Here's a creative idea for those of you with deep pockets, some time on your hands, and a seething disdain for weight... consider the new BMW S 1000 RR. Or more specifically, its engine.

A quote from the official press release:
All engine components are particularly compact and light, limiting weight of the overall engine without ancillaries to 59.8 kg (131.8 lb) and keeping the entire power unit very slim and slender.
And what about 193hp @ 13,000RPM? Sounds like a good combination.

-Tom
 


A quote from the official press release:


And what about 193hp @ 13,000RPM? Sounds like a good combination.

-Tom
The issue will be the 82.5 lb-ft of torque... Bad mojo for trying to move something heavier like a car... The clutch and transmission wouldn't be able to handle the strain as well...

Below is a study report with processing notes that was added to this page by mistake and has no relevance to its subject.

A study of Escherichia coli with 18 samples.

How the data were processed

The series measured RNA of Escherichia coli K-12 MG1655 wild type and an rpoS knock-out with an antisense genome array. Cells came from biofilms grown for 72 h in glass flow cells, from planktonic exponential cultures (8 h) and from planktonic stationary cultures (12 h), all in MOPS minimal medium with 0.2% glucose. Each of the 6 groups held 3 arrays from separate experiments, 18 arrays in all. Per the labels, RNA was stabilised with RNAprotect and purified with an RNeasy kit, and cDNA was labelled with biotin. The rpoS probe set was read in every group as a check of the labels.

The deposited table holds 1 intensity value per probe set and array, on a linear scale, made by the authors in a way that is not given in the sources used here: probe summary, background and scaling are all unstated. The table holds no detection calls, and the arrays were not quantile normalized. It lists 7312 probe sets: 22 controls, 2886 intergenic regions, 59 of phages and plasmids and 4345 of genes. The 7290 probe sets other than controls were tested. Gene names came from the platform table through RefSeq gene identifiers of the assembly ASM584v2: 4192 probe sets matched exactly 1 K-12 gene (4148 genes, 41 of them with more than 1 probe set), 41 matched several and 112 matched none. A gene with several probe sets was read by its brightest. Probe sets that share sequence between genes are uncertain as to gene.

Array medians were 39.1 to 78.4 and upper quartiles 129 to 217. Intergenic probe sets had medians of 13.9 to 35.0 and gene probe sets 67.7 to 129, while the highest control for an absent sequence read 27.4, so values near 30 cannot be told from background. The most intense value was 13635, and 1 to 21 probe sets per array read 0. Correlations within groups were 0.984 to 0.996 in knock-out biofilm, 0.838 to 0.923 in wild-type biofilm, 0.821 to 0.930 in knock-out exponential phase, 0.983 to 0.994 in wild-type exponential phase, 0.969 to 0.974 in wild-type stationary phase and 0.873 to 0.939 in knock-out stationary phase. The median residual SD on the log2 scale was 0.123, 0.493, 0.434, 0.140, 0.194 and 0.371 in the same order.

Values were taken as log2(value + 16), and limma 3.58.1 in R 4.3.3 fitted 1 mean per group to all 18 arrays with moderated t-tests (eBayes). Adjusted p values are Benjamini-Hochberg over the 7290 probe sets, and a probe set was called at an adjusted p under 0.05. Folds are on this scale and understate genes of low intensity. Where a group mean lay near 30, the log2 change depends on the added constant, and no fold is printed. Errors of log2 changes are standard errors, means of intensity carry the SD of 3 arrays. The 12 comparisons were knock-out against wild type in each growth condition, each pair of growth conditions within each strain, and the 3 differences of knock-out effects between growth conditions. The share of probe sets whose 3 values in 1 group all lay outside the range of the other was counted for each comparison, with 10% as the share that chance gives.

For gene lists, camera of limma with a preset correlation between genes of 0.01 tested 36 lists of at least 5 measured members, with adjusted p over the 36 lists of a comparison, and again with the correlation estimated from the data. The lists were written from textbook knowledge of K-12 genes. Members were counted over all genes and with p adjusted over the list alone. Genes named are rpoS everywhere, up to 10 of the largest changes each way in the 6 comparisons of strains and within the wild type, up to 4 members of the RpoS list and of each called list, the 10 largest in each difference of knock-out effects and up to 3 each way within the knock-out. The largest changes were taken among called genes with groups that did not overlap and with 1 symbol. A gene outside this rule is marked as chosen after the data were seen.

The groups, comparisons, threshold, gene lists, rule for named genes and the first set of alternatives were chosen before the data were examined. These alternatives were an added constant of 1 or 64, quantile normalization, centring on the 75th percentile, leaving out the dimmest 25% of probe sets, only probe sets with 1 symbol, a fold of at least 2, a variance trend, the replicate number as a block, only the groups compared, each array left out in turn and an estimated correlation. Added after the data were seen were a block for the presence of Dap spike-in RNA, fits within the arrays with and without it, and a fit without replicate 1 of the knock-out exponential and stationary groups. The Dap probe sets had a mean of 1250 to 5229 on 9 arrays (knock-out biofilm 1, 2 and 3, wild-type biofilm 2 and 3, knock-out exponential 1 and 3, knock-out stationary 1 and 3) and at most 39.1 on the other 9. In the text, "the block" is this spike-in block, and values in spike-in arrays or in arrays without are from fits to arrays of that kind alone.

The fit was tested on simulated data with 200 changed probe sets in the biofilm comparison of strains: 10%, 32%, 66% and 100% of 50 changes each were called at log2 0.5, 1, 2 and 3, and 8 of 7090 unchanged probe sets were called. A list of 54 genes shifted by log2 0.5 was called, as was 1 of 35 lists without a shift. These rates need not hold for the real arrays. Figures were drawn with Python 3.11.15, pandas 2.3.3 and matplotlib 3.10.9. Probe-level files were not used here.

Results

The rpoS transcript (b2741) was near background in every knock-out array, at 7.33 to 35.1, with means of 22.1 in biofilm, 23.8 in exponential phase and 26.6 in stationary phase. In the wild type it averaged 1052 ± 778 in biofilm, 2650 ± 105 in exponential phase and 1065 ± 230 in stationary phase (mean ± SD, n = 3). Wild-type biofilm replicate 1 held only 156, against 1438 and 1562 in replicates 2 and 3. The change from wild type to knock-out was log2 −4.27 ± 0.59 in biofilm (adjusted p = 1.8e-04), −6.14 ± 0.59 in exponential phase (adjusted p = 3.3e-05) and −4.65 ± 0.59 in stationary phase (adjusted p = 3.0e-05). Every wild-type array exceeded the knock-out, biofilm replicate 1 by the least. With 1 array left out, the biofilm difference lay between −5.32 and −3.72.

+1

Not enough torque for a car, but that is a very awesome bike. Glad to see BMW taking the sport bike thing seriously.
 

I hope I'm not being contentious, but the torque argument doesn't seem valid.

Take the S 1000 RRs 14,300RPM redline and compare it to the 2ZZs 8,200RPM redline. The RRs redline is approximately 75% higher. This means that you can mate this to a 75% shorter final drive and net a 75% torque increase. This turns 82.5lb-ft into around 145lb-ft (besting the 2ZZs rating of 133lb-ft). This also places a 75% load reduction on the engine making it more than sufficient to propel a car, albeit slower than it would had it been mated to a 450lbs bike!

This obviously is at the expense of reliability, but there is a significant weight savings. I think I have too much time on my hands.